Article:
Halo is as popular a game series as there is, yet I have always felt like it has suffered from a case of identity crisis. First everyone derided the series as being a dumbed down FPS for jocks and kids. Then a wave of revisionism swept through the land, and now even the snobbiest folks may consider the series a favorite of theirs.
With this week’s launch of Halo 3: ODST, the cycle may start anew. The scores are pretty solid all around, but folks have found new ways to bring on the hate. Among critics, there is far from universal love for ODST’s storytelling, both in regards to the hub world/flashback concept, or the Audio/Video logs scattered throughout. From what I can tell, ODST is the closest Halo has gotten to the old Marathon style of narrative, but for some reviewers that has apparently become a bad thing, as it gets in the way of shooting things.
Among fans, there is dissent over the game’s price. Bungie once promised that it would cost less than full price, only to slap in some extra features and ship it for $60 anyway. Aside from feeling betrayed, these gamers argue that there isn’t enough new content to justify the price, something they have calculated by breaking the game into features and comparing them to the features in ‘AAA’ titles like Gears of War 2 and, on at least one site, Uncharted 2, a game that isn’t out yet.
Among both parties, there is a constant habit to remember that the game was originally labeled an expansion pack, and then using the term to frame the entire experience. Put it all together, and you have a game that gets high scores thanks to its name, but a lot of scorn from an online community that represents themselves as poor, young knuckle draggers who cannot stand having a story get in the way of their teabagging. Just like when the original Xbox first launched.
Is this the sign of a return to the old days of Halo Hate? Probably not. In reality I think this is just a big name game bringing out the ugliest nature of everyone in the industry. Microsoft and Bungie did a terrible job of explaining and marketing the game, and its development lacked the clarity and focus of Halo 3. People feel like this was a case of Microsoft discreetly trying to nickel and dime its customers, knowing full well that the name on the box would carry it through. No matter what the company says to the contrary, it would be silly to think this wasn’t part of their plan.
As for the writers and readers, their reactions are a concentrated version of everything that is wrong with your typical “core” gamer. Reviewers forget that their speedy playthroughs may not resemble a typical experience with the Campaign. Gamers forget that reviewers have special circumstances, and take their remarks as Gospel. All of them continue to look at games from an atomistic approach, breaking them down into their tiniest bits in order to asses whether they are worth cold hard cash, and complaining if their barely empirical results do not match up with their overly lofty demands.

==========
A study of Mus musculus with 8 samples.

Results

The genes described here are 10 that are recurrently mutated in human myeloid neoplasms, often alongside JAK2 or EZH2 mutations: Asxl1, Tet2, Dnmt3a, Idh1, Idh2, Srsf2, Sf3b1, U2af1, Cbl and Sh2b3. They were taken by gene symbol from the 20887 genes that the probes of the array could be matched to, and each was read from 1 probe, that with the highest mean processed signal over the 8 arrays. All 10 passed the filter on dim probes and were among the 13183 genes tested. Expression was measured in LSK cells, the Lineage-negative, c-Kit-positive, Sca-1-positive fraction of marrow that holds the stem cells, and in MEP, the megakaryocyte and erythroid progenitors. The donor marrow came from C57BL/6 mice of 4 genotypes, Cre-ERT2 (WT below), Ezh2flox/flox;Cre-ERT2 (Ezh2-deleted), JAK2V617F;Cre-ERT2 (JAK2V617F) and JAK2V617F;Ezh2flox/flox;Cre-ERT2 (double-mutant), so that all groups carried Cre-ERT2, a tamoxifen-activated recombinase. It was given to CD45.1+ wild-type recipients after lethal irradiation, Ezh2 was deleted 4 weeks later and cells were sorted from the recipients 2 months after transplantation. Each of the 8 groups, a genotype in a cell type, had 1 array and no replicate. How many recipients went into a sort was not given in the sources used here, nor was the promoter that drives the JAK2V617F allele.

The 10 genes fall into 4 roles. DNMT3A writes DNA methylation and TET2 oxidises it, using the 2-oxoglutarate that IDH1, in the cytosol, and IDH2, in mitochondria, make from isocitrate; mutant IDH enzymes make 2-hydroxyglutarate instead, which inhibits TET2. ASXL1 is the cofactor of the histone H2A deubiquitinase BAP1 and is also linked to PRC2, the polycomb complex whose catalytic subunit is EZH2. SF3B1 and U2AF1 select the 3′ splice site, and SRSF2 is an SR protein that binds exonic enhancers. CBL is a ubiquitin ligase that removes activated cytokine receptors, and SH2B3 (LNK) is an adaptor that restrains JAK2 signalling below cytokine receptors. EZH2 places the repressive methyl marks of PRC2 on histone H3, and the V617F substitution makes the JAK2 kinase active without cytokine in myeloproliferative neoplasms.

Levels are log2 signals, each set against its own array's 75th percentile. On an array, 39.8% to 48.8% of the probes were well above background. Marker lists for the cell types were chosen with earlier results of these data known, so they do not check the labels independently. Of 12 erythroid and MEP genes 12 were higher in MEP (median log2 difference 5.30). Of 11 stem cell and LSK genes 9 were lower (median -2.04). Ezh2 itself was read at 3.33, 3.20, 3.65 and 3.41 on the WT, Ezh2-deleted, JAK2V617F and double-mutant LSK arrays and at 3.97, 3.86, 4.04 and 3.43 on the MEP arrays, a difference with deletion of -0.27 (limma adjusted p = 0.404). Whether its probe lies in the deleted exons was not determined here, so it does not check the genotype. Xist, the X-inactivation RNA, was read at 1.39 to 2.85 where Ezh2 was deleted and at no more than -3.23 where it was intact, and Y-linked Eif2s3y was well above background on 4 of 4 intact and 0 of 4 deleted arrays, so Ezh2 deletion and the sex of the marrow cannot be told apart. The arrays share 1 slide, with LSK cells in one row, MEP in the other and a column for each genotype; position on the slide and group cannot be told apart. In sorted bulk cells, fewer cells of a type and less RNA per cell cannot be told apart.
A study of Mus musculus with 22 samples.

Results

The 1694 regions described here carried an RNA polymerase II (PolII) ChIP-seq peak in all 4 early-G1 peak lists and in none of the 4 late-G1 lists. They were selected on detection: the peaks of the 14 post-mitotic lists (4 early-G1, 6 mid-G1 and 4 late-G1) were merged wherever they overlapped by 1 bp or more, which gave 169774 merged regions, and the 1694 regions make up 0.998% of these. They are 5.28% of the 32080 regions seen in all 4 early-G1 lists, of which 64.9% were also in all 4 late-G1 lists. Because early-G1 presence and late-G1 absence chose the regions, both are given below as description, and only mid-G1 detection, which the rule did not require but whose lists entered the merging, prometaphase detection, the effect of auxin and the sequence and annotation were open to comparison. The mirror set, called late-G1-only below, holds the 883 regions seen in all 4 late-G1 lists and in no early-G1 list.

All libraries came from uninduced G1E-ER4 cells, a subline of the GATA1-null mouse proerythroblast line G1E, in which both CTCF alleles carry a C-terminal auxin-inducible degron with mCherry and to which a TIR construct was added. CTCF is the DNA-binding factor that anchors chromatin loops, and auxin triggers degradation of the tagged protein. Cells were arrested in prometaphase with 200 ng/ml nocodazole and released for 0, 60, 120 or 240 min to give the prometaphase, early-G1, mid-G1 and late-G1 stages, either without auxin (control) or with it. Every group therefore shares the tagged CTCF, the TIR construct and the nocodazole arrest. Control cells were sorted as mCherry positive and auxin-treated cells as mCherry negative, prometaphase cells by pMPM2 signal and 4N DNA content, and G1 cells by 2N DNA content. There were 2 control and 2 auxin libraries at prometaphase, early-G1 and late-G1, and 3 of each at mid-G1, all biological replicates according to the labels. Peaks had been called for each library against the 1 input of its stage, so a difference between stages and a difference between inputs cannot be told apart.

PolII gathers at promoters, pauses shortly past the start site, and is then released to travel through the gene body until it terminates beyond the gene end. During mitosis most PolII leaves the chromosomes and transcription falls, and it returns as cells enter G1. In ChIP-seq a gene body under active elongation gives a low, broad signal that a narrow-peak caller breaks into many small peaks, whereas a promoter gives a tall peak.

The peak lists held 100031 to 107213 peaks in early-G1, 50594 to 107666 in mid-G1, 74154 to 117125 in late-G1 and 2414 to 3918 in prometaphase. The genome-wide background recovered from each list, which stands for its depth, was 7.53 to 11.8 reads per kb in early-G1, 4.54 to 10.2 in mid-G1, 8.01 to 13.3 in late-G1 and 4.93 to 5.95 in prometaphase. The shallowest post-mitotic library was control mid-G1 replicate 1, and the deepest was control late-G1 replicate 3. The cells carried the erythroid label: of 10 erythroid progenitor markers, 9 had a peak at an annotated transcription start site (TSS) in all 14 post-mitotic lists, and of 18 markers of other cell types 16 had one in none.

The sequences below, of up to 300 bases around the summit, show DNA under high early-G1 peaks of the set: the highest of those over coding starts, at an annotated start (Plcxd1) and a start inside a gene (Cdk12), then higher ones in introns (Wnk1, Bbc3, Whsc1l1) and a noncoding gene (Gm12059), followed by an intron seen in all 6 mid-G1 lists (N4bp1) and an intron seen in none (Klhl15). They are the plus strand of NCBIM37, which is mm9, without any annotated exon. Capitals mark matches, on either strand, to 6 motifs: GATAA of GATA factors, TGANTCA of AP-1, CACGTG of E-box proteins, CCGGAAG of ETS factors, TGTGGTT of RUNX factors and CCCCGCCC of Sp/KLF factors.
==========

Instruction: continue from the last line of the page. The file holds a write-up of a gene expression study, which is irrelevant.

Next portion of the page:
Lastly, they are still too beholden to definitions of words that are inappropriately applied. Is ODST an expansion pack, or not? Who cares? I am reminded of Guitar Hero 2, when some people thought that speed modifiers, a standard feature in many Bemani games, should be illegal for high score play simply because the game labeled them as a cheat code.
In my mind, these are the only certainties to come out of ODST’s release:
– It has been years since Halo has been something to buy for the singleplayer alone, and by now you probably know whether you like its multiplayer. ODST is not worth buying for the Campaign, and has some multiplayer goodies as well. There is nothing surprising here.
– Anyone who really enjoys Halo Single Player knows you can’t play it just once, so all the complaints about play time are meaningless. Again, this is not surprising.
– “Core” gamers are still amazingly thickheaded, unable to really think about or adapt to any given situation. Their view of any game is a checklist of features that fails to understand that game development is not static.
– The greed of companies is simply the inverse of stinginess and sense of entitlement among many gamers.
– Seriously folks. I hate the word “manchild”. Stop giving me reasons to second guess myself.